We've been to a few of these sorts of kids' shows over the years: "Sesame Street Live," "Disney's The Little Mermaid on Ice," and last, but not least, "Barney Live," otherwise known as the Show That Must Not Be Named. Let me tell you, folks: after three long hours of purple purgatory, I understood completely why his singing is used by our armed forces as an instrument of war.
As a direct result of the trauma that resulted from our wretched dinosaur overdose, we avoided similar shows for years. And so, this was the first stage show experience for Eden & Justice. To call them "excited" may be the understatement of the century.
So, what was "Yo Gabba Gabba Live" like?
First and foremost, it was a reasonable length: about an hour and a half, plus an intermission. The perfect amount of time for the age range in question.
Secondly, they didn't try to get creative with an unnecessarily-complicated plot like so many other live kids' shows insist upon doing. This was very much a concert rather than a play, which was evident in this year's theme: "Music is Awesome."
DJ Lance Rock and the YGG characters sang popular songs from the show, such as "Party In My Tummy" and "Don't Bite Your Friends." They actively encouraged the kids and adults to get up on their feet and dance along. And almost without exception, they did! It was something to behold: enraptured children dancing in pure joy, all the while encouraging their parents and grandparents to stand up and "Get Your Sillies Out!"
In addition, they played games, such as "Hold Still" and "DJ Lance Says." During all that dancing & singing, a large screen on the backdrop played clips from the television show, including many adorable tots dancing their hearts out. Very cute.
Third, the lobby was set up nicely for the event with friendly people in YGG shirts talked with the kids and there were nice decorations that allowed for photo opportunities such as this one:
Our favorite part of the lobby set-up was a fun YGG bean-bag game for kids to play and win a YGG picture to color.
Fourth, the cast was incredibly friendly, even by children's performer standards. The characters frequently stopped to high-five the kids, and DJ Lance Rock himself came out into the audience to hug fans & pose for photos. Eden got both a hug and a handshake from DJ Lance, and it was the highlight of her night!
Fifth, they didn't go overboard with the merchandise. Having taken Wren to three separate "American Idol" tours over the years and dealt with their theme-park-level sales, it was refreshing to see just the one booth selling t-shirts, toys and the like. We got both girls a Toodie stuffed doll and Eden also purchased a small bag of bracelets with her birthday money, saved for just this occasion.
And finally, there was a little trip down memory lane for the parents at the show...
We thought perhaps they would do the program's popular segment "Biz's Beat of the Day" via a video clip shown on the huge Jumbotron-esque screen behind the cast.
But to our delight, the Biz himself was in the house and performed live on stage!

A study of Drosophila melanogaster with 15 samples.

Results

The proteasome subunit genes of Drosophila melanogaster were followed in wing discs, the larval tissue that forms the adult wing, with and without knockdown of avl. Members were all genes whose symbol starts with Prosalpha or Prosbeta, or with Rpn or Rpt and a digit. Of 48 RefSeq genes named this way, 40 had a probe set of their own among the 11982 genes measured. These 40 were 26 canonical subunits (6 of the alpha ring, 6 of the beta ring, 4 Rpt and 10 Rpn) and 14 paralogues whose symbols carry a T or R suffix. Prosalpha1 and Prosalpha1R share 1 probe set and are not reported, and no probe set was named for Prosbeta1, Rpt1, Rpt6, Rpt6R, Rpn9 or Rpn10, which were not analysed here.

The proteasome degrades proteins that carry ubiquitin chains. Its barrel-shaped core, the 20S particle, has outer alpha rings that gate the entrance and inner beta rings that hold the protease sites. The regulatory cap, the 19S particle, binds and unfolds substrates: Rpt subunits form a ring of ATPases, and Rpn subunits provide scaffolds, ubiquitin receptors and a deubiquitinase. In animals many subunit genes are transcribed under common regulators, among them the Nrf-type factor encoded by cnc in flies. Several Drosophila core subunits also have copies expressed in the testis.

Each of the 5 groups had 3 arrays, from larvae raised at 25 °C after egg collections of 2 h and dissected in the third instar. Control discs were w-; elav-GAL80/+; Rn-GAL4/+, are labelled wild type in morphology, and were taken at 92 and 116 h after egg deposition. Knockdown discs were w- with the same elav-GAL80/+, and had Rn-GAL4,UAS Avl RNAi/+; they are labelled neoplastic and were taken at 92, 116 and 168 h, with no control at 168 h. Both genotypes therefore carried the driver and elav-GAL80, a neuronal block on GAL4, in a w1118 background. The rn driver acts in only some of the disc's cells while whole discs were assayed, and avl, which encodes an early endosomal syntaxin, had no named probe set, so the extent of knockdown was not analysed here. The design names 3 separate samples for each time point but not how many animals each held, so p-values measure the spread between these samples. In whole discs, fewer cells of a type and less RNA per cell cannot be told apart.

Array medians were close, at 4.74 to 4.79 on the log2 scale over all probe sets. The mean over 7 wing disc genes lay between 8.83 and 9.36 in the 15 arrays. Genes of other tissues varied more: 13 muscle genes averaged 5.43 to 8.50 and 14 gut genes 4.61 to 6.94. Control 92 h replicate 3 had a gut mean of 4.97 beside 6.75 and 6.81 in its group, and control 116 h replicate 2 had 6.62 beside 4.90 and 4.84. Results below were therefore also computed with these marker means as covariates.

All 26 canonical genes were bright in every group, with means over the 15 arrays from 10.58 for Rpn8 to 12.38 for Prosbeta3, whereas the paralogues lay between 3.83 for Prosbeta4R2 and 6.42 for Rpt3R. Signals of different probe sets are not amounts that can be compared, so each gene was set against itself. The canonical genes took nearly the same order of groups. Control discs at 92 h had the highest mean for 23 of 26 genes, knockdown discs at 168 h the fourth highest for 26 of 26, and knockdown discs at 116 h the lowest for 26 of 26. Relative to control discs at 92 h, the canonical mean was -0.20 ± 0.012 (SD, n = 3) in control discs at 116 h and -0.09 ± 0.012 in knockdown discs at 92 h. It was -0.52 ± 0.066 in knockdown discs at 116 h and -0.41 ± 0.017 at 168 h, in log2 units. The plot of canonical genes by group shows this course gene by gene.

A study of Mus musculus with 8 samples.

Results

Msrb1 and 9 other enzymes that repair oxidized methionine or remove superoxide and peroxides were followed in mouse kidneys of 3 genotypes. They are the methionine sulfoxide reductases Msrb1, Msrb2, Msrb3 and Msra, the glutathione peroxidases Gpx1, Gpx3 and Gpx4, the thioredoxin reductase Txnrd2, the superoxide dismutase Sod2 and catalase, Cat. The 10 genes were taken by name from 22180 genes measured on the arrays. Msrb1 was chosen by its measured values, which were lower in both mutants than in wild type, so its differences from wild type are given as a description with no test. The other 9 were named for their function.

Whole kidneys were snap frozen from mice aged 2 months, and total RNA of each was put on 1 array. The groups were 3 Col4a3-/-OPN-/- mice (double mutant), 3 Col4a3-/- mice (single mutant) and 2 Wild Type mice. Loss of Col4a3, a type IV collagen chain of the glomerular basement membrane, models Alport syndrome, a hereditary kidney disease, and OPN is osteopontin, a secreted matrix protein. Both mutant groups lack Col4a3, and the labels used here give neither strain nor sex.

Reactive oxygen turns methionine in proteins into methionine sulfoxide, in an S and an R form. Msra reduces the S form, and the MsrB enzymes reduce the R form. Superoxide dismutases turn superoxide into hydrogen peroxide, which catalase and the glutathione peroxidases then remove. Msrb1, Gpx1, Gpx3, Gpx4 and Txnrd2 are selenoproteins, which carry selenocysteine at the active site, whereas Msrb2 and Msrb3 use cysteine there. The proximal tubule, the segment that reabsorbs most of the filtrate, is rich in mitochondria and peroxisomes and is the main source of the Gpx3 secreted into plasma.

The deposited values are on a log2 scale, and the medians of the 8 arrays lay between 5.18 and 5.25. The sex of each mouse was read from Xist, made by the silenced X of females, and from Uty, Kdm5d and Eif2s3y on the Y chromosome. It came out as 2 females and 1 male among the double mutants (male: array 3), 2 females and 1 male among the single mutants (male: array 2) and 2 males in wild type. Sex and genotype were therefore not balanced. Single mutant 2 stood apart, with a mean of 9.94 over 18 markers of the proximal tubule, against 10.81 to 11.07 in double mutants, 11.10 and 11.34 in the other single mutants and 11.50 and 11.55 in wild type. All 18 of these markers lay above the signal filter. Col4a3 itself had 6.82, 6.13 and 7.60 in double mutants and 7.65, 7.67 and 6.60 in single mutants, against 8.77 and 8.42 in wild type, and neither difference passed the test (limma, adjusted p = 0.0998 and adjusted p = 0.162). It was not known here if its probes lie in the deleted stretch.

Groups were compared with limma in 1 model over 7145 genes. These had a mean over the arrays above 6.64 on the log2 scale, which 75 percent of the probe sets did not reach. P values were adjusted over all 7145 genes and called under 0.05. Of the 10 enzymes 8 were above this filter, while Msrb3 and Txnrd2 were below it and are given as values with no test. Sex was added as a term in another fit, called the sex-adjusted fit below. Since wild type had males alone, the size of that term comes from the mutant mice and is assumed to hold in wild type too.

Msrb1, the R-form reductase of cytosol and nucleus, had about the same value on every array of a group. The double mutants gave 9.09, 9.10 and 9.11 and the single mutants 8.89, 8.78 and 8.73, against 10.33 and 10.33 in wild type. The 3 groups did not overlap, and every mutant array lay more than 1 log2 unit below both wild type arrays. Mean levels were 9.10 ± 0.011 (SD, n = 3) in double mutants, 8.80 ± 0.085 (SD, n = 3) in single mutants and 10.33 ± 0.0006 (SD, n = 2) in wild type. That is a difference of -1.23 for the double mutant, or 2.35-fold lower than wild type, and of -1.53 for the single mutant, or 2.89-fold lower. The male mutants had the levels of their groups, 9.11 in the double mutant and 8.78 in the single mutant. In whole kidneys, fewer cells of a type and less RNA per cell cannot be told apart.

He taught a few birthday kids some basic beatboxing, then hit a DJ booth to "kick it up old-school."
Just as he began to spin the Sugarhill Gang's "Jump On It" (thankfully, without the war-whoops), out comes 90's rap legend Rob Base!
Naturally, Biz then mixed in the famous sample from Base's big hit "It Takes Two."
Kids all over the room were looking at their excited parents in awe. "You know who Biz is, Daddy?" I heard one flabbergasted little girl say, setting herself up for the inevitable Dad joke: "Of course I know Biz! He's been JUST A FRIEND for years!"
The only drawbacks were the rules against food in the theater (I was rather counting on a snack for my medication), and the rather anemic offerings insofar as concessions were concerned (flat soda, no caffeine-free options, sold out of soft pretzels and apple juice within minutes.)
My biggest gripe? Accessibility.
When my husband bought the tickets, he specifically asked for wheelchair seating as close to the restroom as possible.
What we got was yet another example of how differently the word "accessible" is defined by the general public versus how it's defined by the disabled community.
Technically, our seats were very close to the bathroom: the restrooms were on the bottom floor and our seats were directly on top of them, one floor up. Ideal for almost everyone hoping to make a few quick pit stops. Especially folks with disability-related bladder issues like myself.
But as it turns out, "almost everyone" does not include me, as the restrooms were only accessible from our seats by a very long and wide staircase.
Naturally, stairs are out of the question for me, so I had to take the elevator...which was on the exact opposite end of the large theater from our seats! So while in theory we had the best bathroom-adjacent seats in the house, in practice we couldn't possibly have been further away.
Lesson learned: ask where the bathrooms are AND how one gets to them from the assigned seat.
All things considered, the few gripes hardly matter. After all, this outing wasn't about me: it was about my daughter & my goddaughter getting to have a great time with characters they know and love. And "Yo Gabba Gabba! Live!" absolutely delivered.
During the program, DJ Lance Rock mentioned that they'd been doing this tour for five years. If they come back to Portland, I'd love to take my daughter and goddaughter back to see them again!